Fabrisonic recently partnered with ORNL to 3D print an ‘impossible’ microchannel heat exchanger in aluminum, as posted this week on the Oak Ridge National Lab website. ORNL was performing fundamental research on how phase changes occur from liquid to gas state. In order to take measurements without affecting the phenomenon, Oak Ridge planned to use their Spallation Neutron Source to take highly accurate measurements. However, they needed to make a pressure vessel with precise internal passages on the scale of .010”. Traditional machining technologies cannot make complex internal channels in solid metal at that scale. With Fabrionic’s SonicLayer 7200, we were able to print a few layers of aerospace aluminum and then use the integrated CNC milling capability to machine the varying channel shapes at every layer.
By collaborating with Fabrisonic, ORNL was able to perform cutting edge research that is widening our understanding of the universe. Patrick Geoghegan , a ORNL senior scientist, commented “Fabrisonic’s metal 3D printing technology allowed ORNL to make an ‘impossible’ geometry in solid metal enabling our cutting edge science.”
Fabrisonic recently came across a cool new 3D printing startup, Voxel8. At Voxel8 their key development has been a new silver paste that can easily be extruded, and when cured has great conductivity. By combining the paste with an FDM head they are able to print plastic parts with embedded wiring. Fabrisonic often works with embedding electronic devices in solid metal parts. Because our metal 3D printing process happens at low temperature, we can print solid metal around an electronic sensor without damaging the delicate electronics. However, we are always fiddling with manual inserting wiring into a build. Someday we hope to integrate a Voxel8 print head into our SonicLayer printers so that we can print wires on the fly inside solid metal. Good luck to Voxel8, they have a cool take on 3D printing.
Plant Services February 2015 issue has a great write up on the uses of metal 3D printing for maintenance. In the editors corner, Fabrisonic’s President talks about machine sales to maintenance facilities. Right now the capital costs of metal 3D printers is high enough that owning a machine solely for plant services probably doesn’t make sense. However, there are numerous service bureaus around the country that can build parts for maintenance and repair.
Later in the article “Maker’s Mark”, Thomas Wilk gives a good overview of existing technologies and how they can be used today to help maintenance and repair operations. As described in the article, Fabrisonic usually gets involved with repair parts when the tooling for existing parts no longer exists. If the parts can be made by traditional CNC machining, 3D printing often isn’t the right answer.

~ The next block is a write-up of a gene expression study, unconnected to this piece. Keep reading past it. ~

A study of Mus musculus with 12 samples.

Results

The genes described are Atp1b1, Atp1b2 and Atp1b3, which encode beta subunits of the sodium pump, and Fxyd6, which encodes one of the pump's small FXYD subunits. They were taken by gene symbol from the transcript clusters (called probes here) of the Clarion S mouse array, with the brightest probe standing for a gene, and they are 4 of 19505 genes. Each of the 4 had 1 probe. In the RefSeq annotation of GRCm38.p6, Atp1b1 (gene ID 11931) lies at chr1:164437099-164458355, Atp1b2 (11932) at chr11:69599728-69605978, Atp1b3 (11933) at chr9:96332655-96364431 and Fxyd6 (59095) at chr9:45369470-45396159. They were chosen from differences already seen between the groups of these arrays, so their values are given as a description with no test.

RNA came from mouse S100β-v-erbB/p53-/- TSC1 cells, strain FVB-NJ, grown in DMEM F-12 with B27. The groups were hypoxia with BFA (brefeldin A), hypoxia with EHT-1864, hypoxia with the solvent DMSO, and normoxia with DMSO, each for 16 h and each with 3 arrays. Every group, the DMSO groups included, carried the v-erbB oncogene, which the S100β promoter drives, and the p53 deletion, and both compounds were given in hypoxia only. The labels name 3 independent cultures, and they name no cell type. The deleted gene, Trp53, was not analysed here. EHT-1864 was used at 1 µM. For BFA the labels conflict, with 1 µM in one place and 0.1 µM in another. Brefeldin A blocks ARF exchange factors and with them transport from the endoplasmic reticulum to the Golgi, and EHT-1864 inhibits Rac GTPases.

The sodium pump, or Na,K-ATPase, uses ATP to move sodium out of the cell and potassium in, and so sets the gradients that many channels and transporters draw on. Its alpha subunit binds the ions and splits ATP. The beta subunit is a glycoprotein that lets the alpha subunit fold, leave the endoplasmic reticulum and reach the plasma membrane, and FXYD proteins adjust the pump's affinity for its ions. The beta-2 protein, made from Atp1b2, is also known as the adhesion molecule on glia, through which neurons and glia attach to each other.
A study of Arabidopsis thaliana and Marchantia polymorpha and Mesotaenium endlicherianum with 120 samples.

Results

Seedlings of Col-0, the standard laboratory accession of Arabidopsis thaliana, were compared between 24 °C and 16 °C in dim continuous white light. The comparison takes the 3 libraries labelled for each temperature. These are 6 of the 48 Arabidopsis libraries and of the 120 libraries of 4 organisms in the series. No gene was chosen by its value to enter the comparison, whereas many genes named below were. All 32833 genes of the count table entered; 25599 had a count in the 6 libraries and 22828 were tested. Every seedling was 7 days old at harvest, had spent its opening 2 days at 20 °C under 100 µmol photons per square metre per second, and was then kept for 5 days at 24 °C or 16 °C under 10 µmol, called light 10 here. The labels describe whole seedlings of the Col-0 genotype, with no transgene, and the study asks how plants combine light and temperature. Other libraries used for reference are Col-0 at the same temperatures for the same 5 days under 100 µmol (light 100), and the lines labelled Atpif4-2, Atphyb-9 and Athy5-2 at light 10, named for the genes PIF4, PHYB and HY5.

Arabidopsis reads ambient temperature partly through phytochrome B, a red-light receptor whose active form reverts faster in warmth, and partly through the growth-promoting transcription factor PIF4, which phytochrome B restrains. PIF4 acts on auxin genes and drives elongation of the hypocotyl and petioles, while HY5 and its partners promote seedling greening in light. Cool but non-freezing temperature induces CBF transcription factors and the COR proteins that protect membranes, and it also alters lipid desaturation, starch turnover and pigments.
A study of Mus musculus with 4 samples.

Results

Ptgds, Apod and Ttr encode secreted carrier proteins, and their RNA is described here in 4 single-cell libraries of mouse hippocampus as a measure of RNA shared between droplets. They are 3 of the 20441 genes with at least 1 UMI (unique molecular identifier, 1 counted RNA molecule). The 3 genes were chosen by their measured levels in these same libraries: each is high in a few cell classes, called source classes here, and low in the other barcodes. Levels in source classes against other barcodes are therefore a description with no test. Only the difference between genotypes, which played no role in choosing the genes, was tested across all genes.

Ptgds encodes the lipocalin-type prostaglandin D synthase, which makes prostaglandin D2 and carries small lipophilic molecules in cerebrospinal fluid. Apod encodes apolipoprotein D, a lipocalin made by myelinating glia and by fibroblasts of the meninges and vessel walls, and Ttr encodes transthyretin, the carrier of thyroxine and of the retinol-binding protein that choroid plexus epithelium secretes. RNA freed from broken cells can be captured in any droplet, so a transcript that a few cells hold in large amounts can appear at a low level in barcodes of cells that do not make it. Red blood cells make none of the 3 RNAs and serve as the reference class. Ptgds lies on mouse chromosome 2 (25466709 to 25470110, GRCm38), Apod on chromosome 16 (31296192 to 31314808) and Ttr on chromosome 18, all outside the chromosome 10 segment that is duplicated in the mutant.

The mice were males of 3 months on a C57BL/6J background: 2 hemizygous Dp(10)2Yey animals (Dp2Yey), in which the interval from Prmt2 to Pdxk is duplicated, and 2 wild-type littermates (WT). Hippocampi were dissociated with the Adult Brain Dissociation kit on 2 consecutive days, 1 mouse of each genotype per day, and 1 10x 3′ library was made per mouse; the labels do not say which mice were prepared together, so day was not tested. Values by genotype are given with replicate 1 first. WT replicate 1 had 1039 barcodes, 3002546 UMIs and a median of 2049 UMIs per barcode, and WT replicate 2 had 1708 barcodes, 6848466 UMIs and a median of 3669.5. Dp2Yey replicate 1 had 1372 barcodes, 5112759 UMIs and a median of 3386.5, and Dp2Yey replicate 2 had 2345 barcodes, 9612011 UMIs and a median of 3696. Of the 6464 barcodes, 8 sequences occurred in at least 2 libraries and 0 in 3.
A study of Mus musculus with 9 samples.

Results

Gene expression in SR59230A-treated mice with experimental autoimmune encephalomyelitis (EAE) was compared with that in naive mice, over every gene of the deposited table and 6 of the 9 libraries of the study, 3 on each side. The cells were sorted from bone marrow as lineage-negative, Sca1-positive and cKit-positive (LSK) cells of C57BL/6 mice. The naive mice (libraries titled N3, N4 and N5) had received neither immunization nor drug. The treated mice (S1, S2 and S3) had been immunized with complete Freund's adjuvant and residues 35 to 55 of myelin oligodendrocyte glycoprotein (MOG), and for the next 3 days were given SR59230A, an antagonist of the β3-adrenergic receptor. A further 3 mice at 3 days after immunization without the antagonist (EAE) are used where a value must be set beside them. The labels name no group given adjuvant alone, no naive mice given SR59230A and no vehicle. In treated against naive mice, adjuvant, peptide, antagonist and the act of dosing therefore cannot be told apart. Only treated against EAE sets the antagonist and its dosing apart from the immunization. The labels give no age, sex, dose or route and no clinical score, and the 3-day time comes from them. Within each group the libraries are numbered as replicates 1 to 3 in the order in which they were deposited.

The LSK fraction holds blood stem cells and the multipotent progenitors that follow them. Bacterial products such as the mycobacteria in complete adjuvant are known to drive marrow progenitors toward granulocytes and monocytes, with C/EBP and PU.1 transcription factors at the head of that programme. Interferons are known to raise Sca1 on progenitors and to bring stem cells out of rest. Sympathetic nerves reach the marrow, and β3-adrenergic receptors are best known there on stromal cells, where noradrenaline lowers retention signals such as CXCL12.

Design World recently published an article that highlights Fabrisonic’s ability to 3D print multiple metals in one part. The article discusses two applications:
1) Printing heat exchangers that have both aluminum and copper in one part. These heat exchangers can have complex internal passages that are impossible with traditional machining.
2) The ability to build complex internal passages with high accuracy and surface finish also lends itself well to building wave guides for radio frequency (RF) applications.
The distinguishing feature of Fabrisonic’s Ultrasonic Additive Manufacturing (UAM) process is that it is solid state, meaning the metal never melts. In fact in aluminum’s the peak temperatures are around 200 degrees F. Thus, using UAM to 3D print metals allows multiple metals to be used without worry about intermetallics common in fusion based joining of dissimilar metals.
At Fabrisonic we are currently spending a lot of time and effort working with heat exchangers. UAM’s ability to 3D Print heat exchangers is covered in this months issue of JOM, the member journal of The Minerals, Metals and Materials Society. As described in the article, recent studies have shown the ability of UAM to make internal channels that have burst pressures in excess of 3000 PSI for aluminum and in excess of 4000 PSI for copper. Similarly the high vacuum tests with helium indicate that channels can be built that are 100% hermetic. Complex three dimensional fluid pathways, that are not achievable with traditional machining, have also been demonstrated with several customers.
The solid-state nature of Fabrisonic’s welding process, allows UAM to readily bond aluminums and coppers. Additionally all SonicLayer machines are based off of traditional 3-Axis CNC mills. Thus, the welding process can be stopped at any point and three dimensional channels can be machined. Subsequently, the additive process continues to build up metal sealing in complex 3D flow paths. Below are some examples of channels built for 3D printed heat exchangers.